Limiting your time in public spaces, wearing a mask, and washing your hands have become a part of our everyday experiences on the quest of flattening the curve of the lingering COVID-19 pandemic. While we all continue to take heed to these social guidances, there’s a core set of essential workers who continue to face the challenges of this new normal head on; our frontline healthcare workers.
In celebration of Better Hearing & Speech Month (May), we honor those workers who’ve made brave sacrifices in not only slowing the spread, but ensuring that countless children continue to receive their essential therapy needs. Here, Cole spotlights 3 of our very own Speech Language Pathologists working in the midst of these uncertain times, and ask them not only what keeps them going, but what parents and caregivers can do to help slow regression in their child’s speech therapy. Here’s what they had to say!
Grace Trosclair, M.A., CCC-SLP
What keeps you going?: My clients and their families are my motivators during this time. It is very motivating and rewarding to see my clients’ faces light up when I log into a patient’s telehealth session or I go and greet a patient in the waiting room. My patients enjoy our Speech routine, knowing they come to Speech to learn, practice, and have fun! Parents and families have been very grateful that we are still offering services through Telehealth or in clinic. I’ve loved watching my parents get involved during the Telehealth session. They have come up with different ideas and ways to target their child’s goals and even shown me activities they work on throughout the day. Parents that are coming into the clinic have told me that their child loves coming to Cole! Their child enjoys the change of environment and opportunity to interact with people other than their family members.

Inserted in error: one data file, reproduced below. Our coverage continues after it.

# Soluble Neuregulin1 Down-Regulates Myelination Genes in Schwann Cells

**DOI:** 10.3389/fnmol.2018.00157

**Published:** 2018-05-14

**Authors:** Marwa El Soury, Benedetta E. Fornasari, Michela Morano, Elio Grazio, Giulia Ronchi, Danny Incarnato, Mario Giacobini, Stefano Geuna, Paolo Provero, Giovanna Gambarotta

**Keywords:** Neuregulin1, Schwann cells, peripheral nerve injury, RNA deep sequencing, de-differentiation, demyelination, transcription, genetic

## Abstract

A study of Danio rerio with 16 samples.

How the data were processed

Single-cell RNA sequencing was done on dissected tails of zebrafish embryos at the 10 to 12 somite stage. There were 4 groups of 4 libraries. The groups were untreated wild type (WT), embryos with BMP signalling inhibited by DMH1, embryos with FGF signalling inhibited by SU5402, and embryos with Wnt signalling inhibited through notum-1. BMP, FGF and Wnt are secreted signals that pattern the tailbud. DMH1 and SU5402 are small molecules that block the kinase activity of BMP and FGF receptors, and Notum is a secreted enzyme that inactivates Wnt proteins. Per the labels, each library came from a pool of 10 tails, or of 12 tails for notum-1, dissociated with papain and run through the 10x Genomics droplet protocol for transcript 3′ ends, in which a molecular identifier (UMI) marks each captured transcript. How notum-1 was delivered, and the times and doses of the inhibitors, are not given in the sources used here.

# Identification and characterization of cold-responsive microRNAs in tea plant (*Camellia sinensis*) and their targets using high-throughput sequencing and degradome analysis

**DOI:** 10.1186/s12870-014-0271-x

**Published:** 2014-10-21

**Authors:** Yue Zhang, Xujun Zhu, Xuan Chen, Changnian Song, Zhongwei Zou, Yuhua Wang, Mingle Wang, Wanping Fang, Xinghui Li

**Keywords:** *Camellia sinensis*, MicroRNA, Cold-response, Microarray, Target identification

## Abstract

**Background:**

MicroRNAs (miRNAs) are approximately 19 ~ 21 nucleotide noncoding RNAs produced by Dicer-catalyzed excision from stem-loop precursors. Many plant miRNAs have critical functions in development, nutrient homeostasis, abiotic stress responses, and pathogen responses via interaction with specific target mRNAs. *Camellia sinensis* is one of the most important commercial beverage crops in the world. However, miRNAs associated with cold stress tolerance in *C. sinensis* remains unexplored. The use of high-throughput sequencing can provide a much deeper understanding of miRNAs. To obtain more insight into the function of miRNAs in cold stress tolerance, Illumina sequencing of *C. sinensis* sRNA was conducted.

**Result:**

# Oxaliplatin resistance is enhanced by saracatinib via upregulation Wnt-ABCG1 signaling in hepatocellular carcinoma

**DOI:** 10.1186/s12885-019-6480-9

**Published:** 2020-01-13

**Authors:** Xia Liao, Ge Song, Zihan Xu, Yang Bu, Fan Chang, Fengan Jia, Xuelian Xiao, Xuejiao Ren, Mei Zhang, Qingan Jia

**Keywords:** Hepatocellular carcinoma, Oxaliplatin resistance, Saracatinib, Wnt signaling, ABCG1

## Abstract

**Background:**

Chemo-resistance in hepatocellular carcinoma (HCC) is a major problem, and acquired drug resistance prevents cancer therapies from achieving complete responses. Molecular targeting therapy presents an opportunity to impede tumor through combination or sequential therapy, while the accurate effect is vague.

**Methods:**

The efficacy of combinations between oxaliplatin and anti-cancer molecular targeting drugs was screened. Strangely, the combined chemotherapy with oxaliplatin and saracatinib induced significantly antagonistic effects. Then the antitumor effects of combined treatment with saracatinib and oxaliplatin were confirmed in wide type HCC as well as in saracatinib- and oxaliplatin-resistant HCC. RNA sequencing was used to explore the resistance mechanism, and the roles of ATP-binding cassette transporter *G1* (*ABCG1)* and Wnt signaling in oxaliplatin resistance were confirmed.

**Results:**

How can parents help?: A way to stop/slow regression in the skills your child has learned and/or is practicing in Speech Therapy is to ask your Speech Therapist for take home activities that you as a parent can do with your child. Parents can also read books with their children, talk about what is happening in the pictures, ask questions about what was read in the story, and practice naming or identifying the pictures in the story.
Deondra Williams, M.A., CCC-SLP
What keeps you going?: What motivates me most is that we, as therapists, are truly continuing to keep our patients first! This catastrophe has allowed us to teach our parents not only what therapy looks like, but how to connect and provide daily carryover of those same skills with their children in their own environment.
How can parents help?: I love the quote “See one, do one, teach one!” This is what therapy looks like in these times. These skills soon become a daily routine and carryover of skills become somewhat automatic-this is the best way to slow regression of skills learned in Speech Therapy!
Allison Youngblood, M.S., CCC-SLP
What keeps you going?: I’m motivated by the love and passion I have for this career to help others find their voice and use it to improve their overall quality of life. During this time, everyone’s lives are impacted in every way, but being able to provide therapy to our clients brings consistency and familiarity when things are changing daily. My clients always keep me laughing by what they say and do and therapy is never a dull moment!
How can parents help?: Being consistent in attending appointments and working on your child’s goals is the key to help with improvements in his/her language skills. Modeling language is a simple task that can greatly benefit the child. Simply talk about what you are doing or what the child is doing.